Q1. What is your view of the insurance market in China – as it currently is and into the next 3 – 5 years?

Despite the success of Zhong An and the popularity of InsurTechs, China’s insurance industry is still very early stage – with a combined penetration rate of just 4%. That said, China is already the third largest insurance market globally and is projected to grow at twice the speed of the domestic economy until 2025.

Ultimately, I think there are two major developments that will change the face of insurance here.

The first is China’s ageing demographic.

By 2030, almost half of Shanghai’s population will be over 60 years of age. The fact that Shanghai, a city dotted with futuristic sky scrapers, will soon be inhabited largely by old people is an irony with huge implications for insurers. Additionally, several insurance companies are  investing in retirement communities and developing products for the retiree segment. However, insurers will need to go beyond this and think of new and differentiated offerings to capitalise on this demographic shift.

The second game changer for insurance in China is that the millenial generation are exhibiting dramatically different consumer behavior than their parents. In less than 20 years, the internet has gone from being a useful resource, to an indispensible part of daily life. Young people today are turning to their smartphones to provide everything from transportation, to healthcare, home security and payments.

Finally, China’s workforce and young people are increasingly indifferent to car ownership, and are as happy to rent as opposed to own a home. For insurers, this represents an upheaval of previously accepted norms, and is ushering in a new age of insurance products that are usage based and focused on prevention rather than pure reimbursement.

Q.2 How will distribution models will evolve as a result?

When considering distribution channels, it’s important to differentiate between auto, health and life insurance as each of these will be subject to unique disruptions in the coming years.

Today, auto insurance is primarily distributed through dealerships. One important difference between China and western markets is that for every one used car sold in China, five new cars are sold. This affects distribution as car dealerships and online marketplaces can capture significant distribution share.

However, the notion of connected mobility, fueled by the rise of car sharing and autonomous vehicles, will dramatically lower the rate of car ownership and require insurers to offer supplementary coverage for situations where autonomous vehicles cannot operate (in heavy rain for example). On the bright side, new risks such as cyber security for transportation networks and coverage for scenarios outside the operating capacity of autonomous vehicles will augment the lost premium income arising from autonomous vehicles.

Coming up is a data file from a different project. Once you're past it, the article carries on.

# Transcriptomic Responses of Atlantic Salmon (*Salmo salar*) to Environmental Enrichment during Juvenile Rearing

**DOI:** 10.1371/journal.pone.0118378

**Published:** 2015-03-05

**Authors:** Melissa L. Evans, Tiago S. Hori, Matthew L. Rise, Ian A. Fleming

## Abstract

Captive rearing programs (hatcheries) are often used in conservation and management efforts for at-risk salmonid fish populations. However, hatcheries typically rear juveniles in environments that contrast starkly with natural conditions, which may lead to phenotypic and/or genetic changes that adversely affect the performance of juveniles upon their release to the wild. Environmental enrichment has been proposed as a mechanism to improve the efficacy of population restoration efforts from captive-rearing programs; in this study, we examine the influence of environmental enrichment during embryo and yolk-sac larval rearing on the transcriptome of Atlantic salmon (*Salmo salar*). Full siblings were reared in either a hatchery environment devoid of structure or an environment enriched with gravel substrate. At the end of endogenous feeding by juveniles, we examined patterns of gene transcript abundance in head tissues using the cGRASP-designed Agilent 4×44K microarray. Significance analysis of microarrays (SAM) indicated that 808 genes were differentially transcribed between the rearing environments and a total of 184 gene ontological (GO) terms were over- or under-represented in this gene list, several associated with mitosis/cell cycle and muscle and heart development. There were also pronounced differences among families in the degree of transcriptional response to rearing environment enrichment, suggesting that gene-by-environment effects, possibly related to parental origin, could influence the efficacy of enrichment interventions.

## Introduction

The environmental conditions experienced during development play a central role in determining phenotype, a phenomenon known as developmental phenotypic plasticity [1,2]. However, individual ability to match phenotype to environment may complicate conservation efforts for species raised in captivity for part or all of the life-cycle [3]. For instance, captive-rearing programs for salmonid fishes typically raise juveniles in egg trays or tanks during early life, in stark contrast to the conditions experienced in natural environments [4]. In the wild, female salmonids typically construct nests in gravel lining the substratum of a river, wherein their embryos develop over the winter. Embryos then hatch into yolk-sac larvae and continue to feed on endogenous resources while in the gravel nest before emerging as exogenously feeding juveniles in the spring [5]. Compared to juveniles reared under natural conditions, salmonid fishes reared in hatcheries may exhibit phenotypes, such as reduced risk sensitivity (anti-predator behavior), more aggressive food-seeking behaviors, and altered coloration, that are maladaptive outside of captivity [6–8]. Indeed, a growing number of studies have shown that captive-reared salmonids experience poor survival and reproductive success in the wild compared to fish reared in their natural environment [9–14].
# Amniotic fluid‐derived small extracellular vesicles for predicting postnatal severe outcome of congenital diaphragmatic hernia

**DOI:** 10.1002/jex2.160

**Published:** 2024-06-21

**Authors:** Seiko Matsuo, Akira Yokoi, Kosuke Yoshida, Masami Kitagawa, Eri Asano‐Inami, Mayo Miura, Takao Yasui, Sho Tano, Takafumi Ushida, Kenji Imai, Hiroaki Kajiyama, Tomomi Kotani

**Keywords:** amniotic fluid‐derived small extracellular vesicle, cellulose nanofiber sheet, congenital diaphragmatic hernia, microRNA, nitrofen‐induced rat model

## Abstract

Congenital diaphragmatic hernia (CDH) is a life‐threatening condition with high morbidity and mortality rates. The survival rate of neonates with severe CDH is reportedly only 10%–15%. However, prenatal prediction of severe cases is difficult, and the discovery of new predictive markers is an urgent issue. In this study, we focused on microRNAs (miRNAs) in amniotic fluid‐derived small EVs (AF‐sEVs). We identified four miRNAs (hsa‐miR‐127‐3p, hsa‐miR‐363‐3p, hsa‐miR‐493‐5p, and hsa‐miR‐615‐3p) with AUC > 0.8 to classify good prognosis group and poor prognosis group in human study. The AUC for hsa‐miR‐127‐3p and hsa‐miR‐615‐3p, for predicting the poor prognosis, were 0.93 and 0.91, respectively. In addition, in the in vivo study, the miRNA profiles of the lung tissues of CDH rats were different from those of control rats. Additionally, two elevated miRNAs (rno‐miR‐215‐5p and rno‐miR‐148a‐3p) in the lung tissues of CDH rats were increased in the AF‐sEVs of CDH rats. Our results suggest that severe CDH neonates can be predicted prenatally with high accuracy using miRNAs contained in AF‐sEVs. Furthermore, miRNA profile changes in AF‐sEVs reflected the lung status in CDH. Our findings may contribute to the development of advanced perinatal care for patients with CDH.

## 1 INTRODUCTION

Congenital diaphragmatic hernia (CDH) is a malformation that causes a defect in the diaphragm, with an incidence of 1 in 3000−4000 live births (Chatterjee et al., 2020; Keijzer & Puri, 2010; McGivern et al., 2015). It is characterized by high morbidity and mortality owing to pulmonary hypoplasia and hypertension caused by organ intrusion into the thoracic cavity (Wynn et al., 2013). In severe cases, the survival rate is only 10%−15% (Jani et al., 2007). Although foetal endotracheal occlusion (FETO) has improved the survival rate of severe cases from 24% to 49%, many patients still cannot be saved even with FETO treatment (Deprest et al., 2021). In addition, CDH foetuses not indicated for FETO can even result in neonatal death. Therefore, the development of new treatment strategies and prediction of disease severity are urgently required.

One to watch: FutureMove is a Chinese telematics startup with a white label offering that can be integrated across both public and private transportation networks. Currently it is already working with Audi and several local governments across China.

On the life/health side agents and bancassurance still account for the majority of the distribution in this segment and, contrary to the prevailing digital opinion, I expect this channel to remain surprisingly resilient in the face of online models. The key point with regard to health insurance distribution is that consumers will increasingly opt for preventative healthcare policies as opposed to reimbursement cover. Advances in gene profiling and the sensors in wearables will also accelerate this transition.

One to watch: Dnurse is a Beijing based diabetes startup which has combined hardware (glucose meter) with software (app) to help diabetes sufferers to manage the condition. Currently being integrated into Ping An Good Doctor.

Q.3 What advantages do platform and internet insurance companies have over traditional insurers?

The advantages include:

1) Data (user behaviour data, location data, transaction data) used to tailor policies to users in a usage based and personalised fashion.

2) Access to distribution channels (travel portals, e-commerce) – to cross sell insurance.

3) Brand recognition and user engagement – A widely recognisable brand that users engage with on a daily basis.


Q.4 What can traditional insurers do to compete with InsurTechs?

Traditional insurers are asking themselves this question every day. So far, traditional insurers have established corporate venture arms and incubation labs but I believe they will need to go far beyond this if they hope to maintain their current market share in the face of pure internet competition.

For example, as mentioned above, China’s aging population also represents a huge opportunity for traditional insurers as internet giants and technology companies have no experience with old age care and lack underwriting experience within complicated life and health lines.

The scale that exists in China allows traditional insurers to focus on specific segments such as chronic disease management (diabetes, hepatitis-b, obesity). These segments will be more difficult for internet companies to compete in as chronic disease cover requires sophisticated underwriting capabilities and additional services that internet companies will struggle to master.

Q.5 What will be the key drivers for success?

Fundamentally, I believe that the success of any company is just the output of the people involved. The ability to sense and align to a changing environment, deploy new business models, build a brand, maximise profits and contribute to society are all things that originate with people not technology. Ultimately, this war for talent is most important success driver.